Funeral services were held at the Shomeri Hadas chapel in Brooklyn Sunday for Rabbi Aryeh Kaplan, scholar and author of numerous books on Jewish thought and philosophy on basic practice and observance, who died suddenly of a massive heart attack last Friday at the age of 48. He was buried Monday on the Mount of Olives in Jerusalem.
In the course of a writing career which spanned only 10 years, Kaplan became well known among teenagers and adults for such books as “Water of Eden: The Mystery of the Mikva,” “Shabbat, Day of Eternity,” and “God, Man of Tefillin.” He was also editor of “Jewish Life,” the magazine of the Union of Orthodox Jewish Congregations of America.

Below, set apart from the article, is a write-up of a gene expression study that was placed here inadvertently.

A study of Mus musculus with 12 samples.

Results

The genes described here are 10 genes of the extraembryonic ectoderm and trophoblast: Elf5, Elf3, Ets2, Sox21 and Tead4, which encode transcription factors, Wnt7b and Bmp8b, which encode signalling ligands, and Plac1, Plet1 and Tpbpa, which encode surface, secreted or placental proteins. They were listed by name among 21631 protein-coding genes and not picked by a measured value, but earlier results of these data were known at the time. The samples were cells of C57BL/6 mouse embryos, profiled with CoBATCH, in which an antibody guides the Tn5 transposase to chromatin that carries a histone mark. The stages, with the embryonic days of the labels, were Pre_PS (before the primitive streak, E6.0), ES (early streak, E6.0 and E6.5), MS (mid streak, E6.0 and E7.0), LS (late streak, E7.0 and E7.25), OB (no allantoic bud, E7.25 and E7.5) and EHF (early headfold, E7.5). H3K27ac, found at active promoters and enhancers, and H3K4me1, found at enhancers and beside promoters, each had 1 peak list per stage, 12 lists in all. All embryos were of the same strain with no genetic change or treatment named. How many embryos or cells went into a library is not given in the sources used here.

As an activist in the Orthodox Union’s National Conference of Synagogue Youth, Kaplan was a firm believer in acquainting unaffiliated and alienated Jewish teenagers with their heritage. He was a prime force behind the teshuvah movement — the return of Jewish observance. “Throughout history, Jews have always been observant,” he said in a recent interview.” The teshuvah movement is just a normalization. The Jewish people are sort of getting their act together. We’re just doing what we’re supposed to do.”
Born in The Bronx, New York, he received his rabbinical training from Mirrer Yeshiva in Jerusalem. His most recent book, “The Living Torah,” is a contemporary English translation of the five books of Moses with maps, notes, illustrations and an annotated bibliography, all compiled by the author in the short period of nine months.
The Archive of the Jewish Telegraphic Agency includes articles published from 1923 to 2008. Archive stories reflect the journalistic standards and practices of the time they were published.